LOS ANGELES — Disciplinary charges have been filed by the State Bar of California against the former city attorney of Los Angeles, Carmen Trutanich.
According to a report on LAist.com, the Bar has accused Trutanich of withholding information about a witness in a murder case. His actions were found to have led to a death-penalty sentence.
The complaint revolves around a 1985 murder case that Trutanich had been the prosecutor for involving a South L.A. gang member, Barry Williams, who had been accused of shooting and killing a man in 1982.
Trutanich was a member of the L.A. County district attorney’s gang unit at the time of the case.
One of the trial's eyewitnesses, Patricia Lewis, claimed she saw Williams fire his gun from a van where he was sitting in the driver’s seat. She testified that she saw Williams kill Jerome Dunn. Lewis said that she had been in a vehicle with a person named Jean Rivers. However, this name was later found to be fake — something that Lewis had used to protect the other person in the car who did not want to be identified. It later came out that Jean Rivers’ real name was Arlean McKay.
In the notice of filing issued on Feb. 13, the Bar listed five counts against the conduct of Trutanich.
The Bar alleged that Trutanich purposely gave a false name and address of McKay or that he acted with gross negligence. He has also been accused of failing to correct the testimony of Lewis who had claimed she did not know McKay’s real name.
Williams murder conviction was overturned by a U.S. district judge in 2016. The judge said that Trutanich’s actions had “significantly undermined the integrity” of the initial verdict. The judge stated that some of the notes that were handwritten by Trutanich included both the names Jean Rivers and Arlean McKay, something that signals Trutanich was aware of the use of a false name.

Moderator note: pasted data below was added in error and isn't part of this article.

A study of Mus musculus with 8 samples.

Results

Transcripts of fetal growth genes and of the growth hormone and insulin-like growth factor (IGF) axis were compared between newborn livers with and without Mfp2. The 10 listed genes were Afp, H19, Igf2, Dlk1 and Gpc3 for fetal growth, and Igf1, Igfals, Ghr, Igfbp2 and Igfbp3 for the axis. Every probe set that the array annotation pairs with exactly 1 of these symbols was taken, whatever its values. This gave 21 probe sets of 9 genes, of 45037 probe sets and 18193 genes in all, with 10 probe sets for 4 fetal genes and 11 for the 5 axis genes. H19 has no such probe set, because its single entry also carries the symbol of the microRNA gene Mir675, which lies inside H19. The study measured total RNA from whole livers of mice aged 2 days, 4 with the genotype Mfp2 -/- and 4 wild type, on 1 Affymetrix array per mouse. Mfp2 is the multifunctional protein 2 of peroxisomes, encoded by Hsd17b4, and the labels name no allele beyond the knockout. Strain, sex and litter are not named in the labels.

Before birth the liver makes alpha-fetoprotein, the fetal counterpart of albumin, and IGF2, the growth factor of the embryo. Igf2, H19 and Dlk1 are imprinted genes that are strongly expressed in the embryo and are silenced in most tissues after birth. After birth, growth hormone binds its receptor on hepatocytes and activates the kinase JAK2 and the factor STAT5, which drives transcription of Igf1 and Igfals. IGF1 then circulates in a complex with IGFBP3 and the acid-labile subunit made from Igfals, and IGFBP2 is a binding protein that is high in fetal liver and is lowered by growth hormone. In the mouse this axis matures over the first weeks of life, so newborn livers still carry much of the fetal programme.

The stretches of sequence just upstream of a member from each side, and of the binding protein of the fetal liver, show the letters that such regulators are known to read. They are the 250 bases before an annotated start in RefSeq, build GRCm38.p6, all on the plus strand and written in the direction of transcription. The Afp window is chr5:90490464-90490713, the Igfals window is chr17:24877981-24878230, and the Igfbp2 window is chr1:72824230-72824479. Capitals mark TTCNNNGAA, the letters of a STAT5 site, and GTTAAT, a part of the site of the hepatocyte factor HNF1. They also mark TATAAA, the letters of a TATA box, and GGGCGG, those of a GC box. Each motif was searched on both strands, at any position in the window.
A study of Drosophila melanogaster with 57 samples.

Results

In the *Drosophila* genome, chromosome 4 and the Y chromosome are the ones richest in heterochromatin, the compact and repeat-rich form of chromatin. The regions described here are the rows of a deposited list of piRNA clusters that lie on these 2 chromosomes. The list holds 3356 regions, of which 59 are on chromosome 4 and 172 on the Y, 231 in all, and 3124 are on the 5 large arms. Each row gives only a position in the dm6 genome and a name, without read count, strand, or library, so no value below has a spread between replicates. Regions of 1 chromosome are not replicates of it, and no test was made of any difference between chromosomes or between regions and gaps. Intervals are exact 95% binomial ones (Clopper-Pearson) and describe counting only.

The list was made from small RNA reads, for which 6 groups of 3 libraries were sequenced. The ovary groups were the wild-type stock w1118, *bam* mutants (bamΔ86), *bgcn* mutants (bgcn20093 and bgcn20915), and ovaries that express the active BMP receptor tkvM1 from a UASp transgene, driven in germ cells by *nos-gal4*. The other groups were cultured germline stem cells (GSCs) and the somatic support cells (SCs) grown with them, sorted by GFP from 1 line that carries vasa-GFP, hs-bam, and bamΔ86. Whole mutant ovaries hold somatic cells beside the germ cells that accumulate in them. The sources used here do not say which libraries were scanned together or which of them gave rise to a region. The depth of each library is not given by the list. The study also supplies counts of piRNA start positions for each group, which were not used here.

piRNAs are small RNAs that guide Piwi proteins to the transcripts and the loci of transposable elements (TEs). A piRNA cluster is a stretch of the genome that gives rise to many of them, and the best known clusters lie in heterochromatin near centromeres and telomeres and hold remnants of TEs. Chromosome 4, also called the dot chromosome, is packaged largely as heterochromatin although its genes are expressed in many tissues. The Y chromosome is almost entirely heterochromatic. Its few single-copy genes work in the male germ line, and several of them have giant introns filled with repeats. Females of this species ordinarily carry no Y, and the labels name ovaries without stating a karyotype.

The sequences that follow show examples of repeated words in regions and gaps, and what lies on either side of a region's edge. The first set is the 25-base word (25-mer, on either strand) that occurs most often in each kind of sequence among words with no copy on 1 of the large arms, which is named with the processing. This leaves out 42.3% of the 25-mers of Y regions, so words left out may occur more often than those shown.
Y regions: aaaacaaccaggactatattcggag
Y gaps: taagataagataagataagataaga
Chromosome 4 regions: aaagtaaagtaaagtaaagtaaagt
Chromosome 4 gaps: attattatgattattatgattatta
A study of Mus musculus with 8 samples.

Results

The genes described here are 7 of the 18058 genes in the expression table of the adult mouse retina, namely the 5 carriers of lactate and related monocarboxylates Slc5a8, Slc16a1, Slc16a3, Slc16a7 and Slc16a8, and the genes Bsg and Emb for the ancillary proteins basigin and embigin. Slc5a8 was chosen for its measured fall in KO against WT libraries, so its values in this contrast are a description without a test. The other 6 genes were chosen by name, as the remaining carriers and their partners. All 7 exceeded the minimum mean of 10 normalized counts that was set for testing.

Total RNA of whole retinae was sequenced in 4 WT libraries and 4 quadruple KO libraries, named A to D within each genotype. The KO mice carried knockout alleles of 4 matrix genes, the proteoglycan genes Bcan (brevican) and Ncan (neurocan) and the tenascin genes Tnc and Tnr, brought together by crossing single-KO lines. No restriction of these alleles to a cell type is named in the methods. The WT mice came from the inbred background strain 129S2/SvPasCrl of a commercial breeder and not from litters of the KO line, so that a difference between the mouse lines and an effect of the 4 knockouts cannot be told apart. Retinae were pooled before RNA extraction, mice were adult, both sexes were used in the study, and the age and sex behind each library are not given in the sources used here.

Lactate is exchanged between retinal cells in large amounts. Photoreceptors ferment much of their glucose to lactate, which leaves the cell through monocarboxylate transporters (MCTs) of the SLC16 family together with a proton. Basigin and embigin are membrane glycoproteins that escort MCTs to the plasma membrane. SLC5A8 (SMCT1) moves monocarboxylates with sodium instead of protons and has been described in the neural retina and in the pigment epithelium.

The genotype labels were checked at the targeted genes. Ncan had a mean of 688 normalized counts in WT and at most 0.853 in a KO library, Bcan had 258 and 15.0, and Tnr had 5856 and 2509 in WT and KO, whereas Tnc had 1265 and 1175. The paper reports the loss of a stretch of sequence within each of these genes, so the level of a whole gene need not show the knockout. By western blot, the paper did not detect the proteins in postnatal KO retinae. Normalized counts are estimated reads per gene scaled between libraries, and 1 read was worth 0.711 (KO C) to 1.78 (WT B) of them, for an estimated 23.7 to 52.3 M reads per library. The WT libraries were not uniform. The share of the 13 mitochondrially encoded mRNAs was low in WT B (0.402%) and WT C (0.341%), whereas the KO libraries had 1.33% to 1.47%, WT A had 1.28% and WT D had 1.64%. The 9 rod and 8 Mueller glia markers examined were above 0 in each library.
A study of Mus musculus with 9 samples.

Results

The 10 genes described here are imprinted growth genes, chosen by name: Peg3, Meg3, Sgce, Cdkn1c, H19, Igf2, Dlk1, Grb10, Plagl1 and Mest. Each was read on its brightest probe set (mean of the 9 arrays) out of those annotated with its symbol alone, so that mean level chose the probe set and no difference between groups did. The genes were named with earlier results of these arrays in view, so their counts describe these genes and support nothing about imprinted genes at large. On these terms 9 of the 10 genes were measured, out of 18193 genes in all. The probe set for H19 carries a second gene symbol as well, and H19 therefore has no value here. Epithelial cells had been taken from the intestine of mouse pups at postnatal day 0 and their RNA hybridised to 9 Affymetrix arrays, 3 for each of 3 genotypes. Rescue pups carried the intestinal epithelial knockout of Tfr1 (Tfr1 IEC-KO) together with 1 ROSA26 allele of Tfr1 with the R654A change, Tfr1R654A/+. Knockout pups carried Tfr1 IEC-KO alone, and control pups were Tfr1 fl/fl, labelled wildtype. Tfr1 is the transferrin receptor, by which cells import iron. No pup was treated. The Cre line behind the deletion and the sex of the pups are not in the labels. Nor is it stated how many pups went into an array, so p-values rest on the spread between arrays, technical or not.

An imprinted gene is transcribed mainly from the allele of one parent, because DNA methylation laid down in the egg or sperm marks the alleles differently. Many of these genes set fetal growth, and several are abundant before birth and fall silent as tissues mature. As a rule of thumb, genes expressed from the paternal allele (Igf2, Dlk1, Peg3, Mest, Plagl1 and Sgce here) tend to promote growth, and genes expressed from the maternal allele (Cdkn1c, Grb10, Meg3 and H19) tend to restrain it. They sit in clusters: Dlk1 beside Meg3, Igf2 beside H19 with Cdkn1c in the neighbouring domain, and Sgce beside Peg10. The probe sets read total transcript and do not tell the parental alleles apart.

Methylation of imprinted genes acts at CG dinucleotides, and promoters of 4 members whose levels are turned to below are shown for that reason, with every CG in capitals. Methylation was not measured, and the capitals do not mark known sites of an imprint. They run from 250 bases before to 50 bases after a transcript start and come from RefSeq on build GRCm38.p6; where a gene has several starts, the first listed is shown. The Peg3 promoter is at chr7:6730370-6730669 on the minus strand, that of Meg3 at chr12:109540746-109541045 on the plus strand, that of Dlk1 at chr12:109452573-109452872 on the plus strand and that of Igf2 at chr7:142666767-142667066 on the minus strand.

A spokesperson for the Bar said that it is important to hold lawyers to account, no matter how much time had passed since the initial incident.
“Attorneys have a responsibility as officers as the court to ensure they are conducting themselves ethically,” Laura Ernde told the Northern California Record. “Anytime a conviction is overturned due to potential attorney misconduct, the Bar is notified so it doesn’t matter how long ago the misconduct occurred.”
According to the LAist.com report, Trutanich was city attorney from 2009-13. The charges against him must be proven in State Bar Court and need the approval of the California Supreme Court before any discipline can be doled out.
Ernde said there were two common actions taken by the Bar in cases of misconduct.
“Disbarment or suspension are the two main disciplinary actions the Bar takes,” she said.
Despite having the death penalty overturned, Williams has been convicted of another murder and is serving time in jail.
The State Bar of California is an administrative part of the California Supreme Court and was established in 1927, according to the organization's website.
Trutanich was admitted to the State Bar in May 1979.